Today we review Arenson v. First Unum Life Insurance Company that was decided by the United States District Court for the Northern District of Illinois.
Gregg Arenson was a futures and options trade broker. He sued his former employer’s benefits administrator, First Unum Life Insurance Company (hereinafter “Unum”) under ERISA.
He challenged Unum’s denial of his long term disability insurance claim and waiver of life insurance premium claim. We will focus on the LTD claim.
Arenson argued that Unum discounted the effect of his cognitive disabilities after he suffered a stroke at work. Unum’s long-term disability plan affords it discretion in benefits determinations, and the Court may not overturn those determinations unless Unum’s decision was so unreasonable as to be arbitrary and capricious.
The Court found that Arenson’s medical records did not reveal severe cognitive difficulties. The Court did, however, find that Unum’s qualified physicians adequately explained why – in their opinions – isolated mild cognitive inefficiencies did not preclude Arenson from returning to work. As such, the Court concluded, “The Court cannot find, based on that evidence, that Unum’s decision was irrational.” The Court therefore denied Arenson’s motion for partial summary judgment and granted Unum’s motion for summary judgment.
Under the Unum Long Term Disability Plan, an employee is considered “disabled” if the individual is “limited from performing the material and substantial duties of [the individual’s] regular occupation due to . . . sickness or injury” and has a resulting loss in income of 20 percent or more. Further, a “regular occupation” is one that the employee “is routinely performing when [the] disability begins.”
It is important to note that to determine an employee’s regular occupation, Unum examines the occupation “as it is normally performed in the national economy, instead of how the work tasks are performed for a specific employer or at a specific location.”
Unum sent letters to one of the claimant’s treating physicians, asking whether Arenson could perform the listed job requirements in the vocational analysis. How own treating physician replied that Arenson could perform those occupational demands and return to work!
Unum then obtained reviews of Arenson’s medical records from two in-house internal medicine physicians, Dr. Renee Chervenak and Dr. Sharon Hogan. Both doctors reported that Arenson could perform the material duties of his former job, citing the lack of “focal, neurological, cognitive or functional deficits” reflected in the records.
Relying on Dr. Chervenak and Dr. Hogan’s findings, Unum denied Arenson’s Long Term Disability claim in a letter.
Arenson appealed Unum’s decision. In support of his appeal, Arenson submitted the results of tests performed by Steven Rothke, a board-certified clinical neuropsychologist. As part of his medical evaluation, Dr. Rothke interviewed Arenson, spoke with Arenson’s former colleagues, and performed dozens of tests intended to measure Arenson’s cognitive abilities. Dr. Rothke concluded that Arenson displayed “a few isolated cognitive impairments/inefficiencies . . . (although this still may represent a decline from his pre-stroke level of functioning).” However, Arenson exhibited average or above average levels of functioning in almost all areas of testing.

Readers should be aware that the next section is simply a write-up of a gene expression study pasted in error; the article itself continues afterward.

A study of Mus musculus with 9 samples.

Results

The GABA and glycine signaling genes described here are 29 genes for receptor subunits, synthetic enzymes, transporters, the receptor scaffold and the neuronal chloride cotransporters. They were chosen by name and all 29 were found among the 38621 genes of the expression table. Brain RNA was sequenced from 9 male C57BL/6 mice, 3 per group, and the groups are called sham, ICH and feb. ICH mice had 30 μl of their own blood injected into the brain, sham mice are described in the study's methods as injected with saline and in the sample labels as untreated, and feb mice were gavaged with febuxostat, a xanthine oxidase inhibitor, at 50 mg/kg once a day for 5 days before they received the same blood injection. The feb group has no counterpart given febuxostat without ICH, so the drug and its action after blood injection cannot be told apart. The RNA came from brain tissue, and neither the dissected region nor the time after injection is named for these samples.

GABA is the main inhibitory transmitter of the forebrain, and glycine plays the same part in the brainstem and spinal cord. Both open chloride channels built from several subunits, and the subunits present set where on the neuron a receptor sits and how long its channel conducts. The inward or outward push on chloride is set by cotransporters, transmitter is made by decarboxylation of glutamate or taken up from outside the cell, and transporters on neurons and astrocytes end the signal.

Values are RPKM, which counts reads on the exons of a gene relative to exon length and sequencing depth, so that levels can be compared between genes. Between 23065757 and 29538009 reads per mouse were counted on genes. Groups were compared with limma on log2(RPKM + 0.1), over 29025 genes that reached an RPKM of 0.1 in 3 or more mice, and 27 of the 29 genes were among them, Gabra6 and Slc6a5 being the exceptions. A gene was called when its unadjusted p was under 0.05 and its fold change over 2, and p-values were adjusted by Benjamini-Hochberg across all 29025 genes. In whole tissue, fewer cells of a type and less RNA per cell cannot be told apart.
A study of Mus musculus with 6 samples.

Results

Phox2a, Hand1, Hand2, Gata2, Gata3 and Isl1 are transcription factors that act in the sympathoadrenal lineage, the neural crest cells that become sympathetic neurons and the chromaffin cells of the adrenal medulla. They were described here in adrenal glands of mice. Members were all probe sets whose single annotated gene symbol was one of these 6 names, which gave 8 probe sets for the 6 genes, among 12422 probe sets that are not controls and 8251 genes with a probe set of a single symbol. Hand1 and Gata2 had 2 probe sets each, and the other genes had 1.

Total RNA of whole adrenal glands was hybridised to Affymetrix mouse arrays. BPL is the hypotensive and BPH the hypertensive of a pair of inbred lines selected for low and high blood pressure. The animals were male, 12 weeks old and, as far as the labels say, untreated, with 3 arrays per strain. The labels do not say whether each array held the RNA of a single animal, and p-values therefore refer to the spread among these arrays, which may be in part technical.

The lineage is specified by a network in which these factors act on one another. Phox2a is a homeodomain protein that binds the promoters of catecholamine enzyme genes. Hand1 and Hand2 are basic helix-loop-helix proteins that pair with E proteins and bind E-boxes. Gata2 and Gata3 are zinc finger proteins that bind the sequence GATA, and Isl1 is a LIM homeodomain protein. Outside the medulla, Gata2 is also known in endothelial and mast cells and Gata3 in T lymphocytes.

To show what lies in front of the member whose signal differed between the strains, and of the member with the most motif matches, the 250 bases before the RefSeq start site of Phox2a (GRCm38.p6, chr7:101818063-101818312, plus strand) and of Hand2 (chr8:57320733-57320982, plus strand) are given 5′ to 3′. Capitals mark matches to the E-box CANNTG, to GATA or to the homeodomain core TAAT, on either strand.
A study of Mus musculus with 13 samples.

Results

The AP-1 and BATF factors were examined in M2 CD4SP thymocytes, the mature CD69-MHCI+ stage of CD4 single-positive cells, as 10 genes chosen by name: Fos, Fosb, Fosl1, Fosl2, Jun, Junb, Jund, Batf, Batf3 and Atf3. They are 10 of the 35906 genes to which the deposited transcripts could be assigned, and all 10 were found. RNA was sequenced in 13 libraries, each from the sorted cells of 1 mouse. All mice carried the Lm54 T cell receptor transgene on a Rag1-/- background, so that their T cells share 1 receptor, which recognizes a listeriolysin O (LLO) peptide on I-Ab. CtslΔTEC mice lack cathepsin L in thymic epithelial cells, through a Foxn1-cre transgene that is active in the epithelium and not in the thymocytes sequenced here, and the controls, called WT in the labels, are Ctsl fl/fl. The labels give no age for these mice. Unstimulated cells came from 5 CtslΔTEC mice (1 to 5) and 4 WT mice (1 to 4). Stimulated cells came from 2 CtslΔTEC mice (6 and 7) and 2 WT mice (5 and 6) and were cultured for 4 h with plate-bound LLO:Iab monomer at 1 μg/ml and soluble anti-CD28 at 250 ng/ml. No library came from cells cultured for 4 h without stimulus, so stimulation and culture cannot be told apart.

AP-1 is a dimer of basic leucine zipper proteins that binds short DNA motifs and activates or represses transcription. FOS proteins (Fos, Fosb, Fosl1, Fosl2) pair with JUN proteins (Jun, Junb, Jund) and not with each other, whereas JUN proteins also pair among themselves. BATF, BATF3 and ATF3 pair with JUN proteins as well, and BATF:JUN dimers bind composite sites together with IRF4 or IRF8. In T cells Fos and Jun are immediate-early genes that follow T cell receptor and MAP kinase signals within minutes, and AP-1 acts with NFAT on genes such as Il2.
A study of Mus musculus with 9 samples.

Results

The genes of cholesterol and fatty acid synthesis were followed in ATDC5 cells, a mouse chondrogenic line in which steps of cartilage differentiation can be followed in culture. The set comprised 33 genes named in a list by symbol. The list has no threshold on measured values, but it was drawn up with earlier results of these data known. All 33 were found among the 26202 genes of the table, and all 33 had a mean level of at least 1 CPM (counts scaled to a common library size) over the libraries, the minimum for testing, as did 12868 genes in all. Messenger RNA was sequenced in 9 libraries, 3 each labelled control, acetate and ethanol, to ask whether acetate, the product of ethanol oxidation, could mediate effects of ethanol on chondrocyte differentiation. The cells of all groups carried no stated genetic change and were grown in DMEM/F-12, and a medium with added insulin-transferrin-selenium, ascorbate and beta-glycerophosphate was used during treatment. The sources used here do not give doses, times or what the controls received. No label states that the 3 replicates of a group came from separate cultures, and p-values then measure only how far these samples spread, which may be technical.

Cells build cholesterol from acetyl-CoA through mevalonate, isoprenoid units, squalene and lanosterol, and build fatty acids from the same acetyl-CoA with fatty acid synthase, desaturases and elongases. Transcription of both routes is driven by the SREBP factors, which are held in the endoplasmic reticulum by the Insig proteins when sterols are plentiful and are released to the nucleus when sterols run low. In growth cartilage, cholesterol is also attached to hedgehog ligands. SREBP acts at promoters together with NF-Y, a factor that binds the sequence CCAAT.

Arenson also submitted a vocational report prepared by a vocational expert (“VE”). The VE determined that Arenson’s job responsibilities, which required managerial skills and quick thinking, encompassed more than those of a broker or securities trader. Both the VE and Dr. Rothke concluded that Arenson would not be able to manage his so-called job responsibilities in light of his cognitive difficulties.
Unum had more physicians review the claim. In short, Unum’s physicians opined that Arenson could return to work while Arenson’s physician opined he could not return to work.
After a final administrative denial, Arenson filed a lawsuit against Unum under ERISA.
Arenson argued that he fit the definition of disability because his strokes caused a mild neurocognitive disorder that rendered him unable to complete problem solving tasks inherent to his former position. Unum denied the claim, concluding that medical records reflected a recovery from his stroke and that “subsequent testing did not reflect cognitive or psychiatric impairment.”
The Court reviewed the evidence and found that Unum reasonably relied on the opinions of multiple physicians to reach its determination to deny benefits.
It is important to note that Unum granted Arenson’s request to hire a neuropsychologist, Dr. Nowell, to review his neuropsychological testing. The court noted, “[T]he mere fact that [Unum] sought an independent review at all tends to suggest that [its] decision was not arbitrary and capricious.” (internal citation omitted).
Arenson made much of the fact that the reviewing neuropsychologist apparently did not obtain the raw data from his neuropsychological evaluation despite Brown’s recommendation to do so. However, the Court found that the reviewing physician’s decision not to request the data did not render Unum’s decision to deny Arenson’s benefits arbitrary.
The Court emphasized that:
“the issue in this case is not “whether [the Court] would have terminated [Arenson]’s benefits, but whether Unum’s decision to do so finds rational support in the record.”
The Court stated:
“At least five medical professionals, including one of Arenson’s treating physicians, determined that he did not suffer from any cognitive impairment. Those determinations found support in medical evidence that included neuropsychological testing and evaluation.”
Again, the Court clarifies, “That’s not to say the evidence compelled [Unum]’s decision, just that it permitted it.”
Given that standard of review, the Court finally concluded: “The deferential standard of review afforded to Unum resolves Arenson’s Long Term Disability claim.”